The research team lead by Haya Shulman, director of the Cybersecurity Analytics and Defences department at the Fraunhofer Institute for Secure Information Technology, found that it is possible to thwart the certificate authority's (CA) multiperspective validation system when new certificates are issued for a domain.
Introduced in February 2020, Let's Encrypt's multiperspective validation was designed as a way to thwart hackers who use Border Gateway Protocol (BGP) hijacking to trick a CA into issuing valid security certificates for malicious or spoofed domains. By requiring a DNS host to answer multiple validation requests from different connections, it would no longer be possible to hijack a single BGP connection.
What Shulman and her team discovered, however, was that when these verification attempts to a nameserver fail, Let's Encrypt will exclude that server for a period of time. This leaves the door open to a downgrade attack.
By strategically throttling a number of different nameservers with a DNS provider, an attacker would be able to eliminate all of the nameservers but one. As a result, a compromised nameserver would be used to authenticate domain ownership.
"These techniques introduce packet loss in the queries between the nameserver and the validation authority," Shulman explained in a presentation at the Black Hat 2021 conference in Las Vegas. "It will cause the attacker to simply drop the query of the validation authorities."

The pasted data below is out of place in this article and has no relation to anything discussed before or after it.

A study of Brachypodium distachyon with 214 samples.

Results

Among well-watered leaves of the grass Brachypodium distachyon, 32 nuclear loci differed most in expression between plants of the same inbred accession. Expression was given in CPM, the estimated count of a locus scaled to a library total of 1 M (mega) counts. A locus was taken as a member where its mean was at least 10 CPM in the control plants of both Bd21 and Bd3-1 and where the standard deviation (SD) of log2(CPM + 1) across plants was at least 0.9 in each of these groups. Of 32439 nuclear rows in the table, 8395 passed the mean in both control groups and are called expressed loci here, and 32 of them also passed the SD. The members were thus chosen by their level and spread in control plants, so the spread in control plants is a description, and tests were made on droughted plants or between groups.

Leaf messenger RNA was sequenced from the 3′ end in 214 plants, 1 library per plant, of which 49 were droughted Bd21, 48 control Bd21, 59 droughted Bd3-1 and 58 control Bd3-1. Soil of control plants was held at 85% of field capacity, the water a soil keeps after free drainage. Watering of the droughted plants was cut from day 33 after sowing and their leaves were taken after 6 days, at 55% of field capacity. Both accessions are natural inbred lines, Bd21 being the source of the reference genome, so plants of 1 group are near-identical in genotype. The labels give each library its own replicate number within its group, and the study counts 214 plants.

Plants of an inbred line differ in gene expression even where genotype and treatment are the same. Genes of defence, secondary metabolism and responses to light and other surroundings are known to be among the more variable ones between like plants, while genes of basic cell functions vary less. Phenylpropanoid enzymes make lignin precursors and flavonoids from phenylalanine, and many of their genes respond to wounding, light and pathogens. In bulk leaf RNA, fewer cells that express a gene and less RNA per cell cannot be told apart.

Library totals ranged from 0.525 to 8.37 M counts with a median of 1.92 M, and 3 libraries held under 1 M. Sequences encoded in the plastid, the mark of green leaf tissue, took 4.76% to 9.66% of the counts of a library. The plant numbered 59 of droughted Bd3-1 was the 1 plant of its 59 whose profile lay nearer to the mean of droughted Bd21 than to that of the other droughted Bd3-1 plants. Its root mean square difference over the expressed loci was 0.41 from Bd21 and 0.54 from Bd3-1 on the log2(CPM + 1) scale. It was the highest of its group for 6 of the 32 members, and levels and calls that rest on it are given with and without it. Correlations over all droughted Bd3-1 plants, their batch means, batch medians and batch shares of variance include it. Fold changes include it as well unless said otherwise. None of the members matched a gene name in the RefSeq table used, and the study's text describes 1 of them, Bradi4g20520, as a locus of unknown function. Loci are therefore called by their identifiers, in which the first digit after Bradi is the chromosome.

The technique is significant because it shows for the first time that not only can multiperspective validation be thwarted, but it can be done without the need for getting a man-in-the-middle condition through BGP hijacking. Shulman also said that because Let's Encrypt is the only CA using multiperspective validation, the attack technique could likely be modified to work with the DNS software for other authorities as well.
"We only needed to apply slight modifications according to the behavior of the DNS software at the CA," Shulman said. "Essentially, all the CAs are vulnerable."
The attack, Shulman noted, is not particularly easy to pull off, and for most domains it will probably not work; for example, the technique has not been tested on the open internet, as it would likely cause significant latency issues.
Still, the research team reckoned that approximately 10% of domains verified by Let's Encrypt, and around 11% of Alexa's top 1 million domains, would be vulnerable. Those would likely include numerous domains that would be popular targets for phishing attacks and other types of fraud.
To counter the attack, the research team recommended that Let's Encrypt and other CAs randomize the sources of the verification, which are cloud servers that perform the actual checks. This would prevent an attacker from knowing exactly what connections to bombard with traffic in order to pull off the downgrade attack.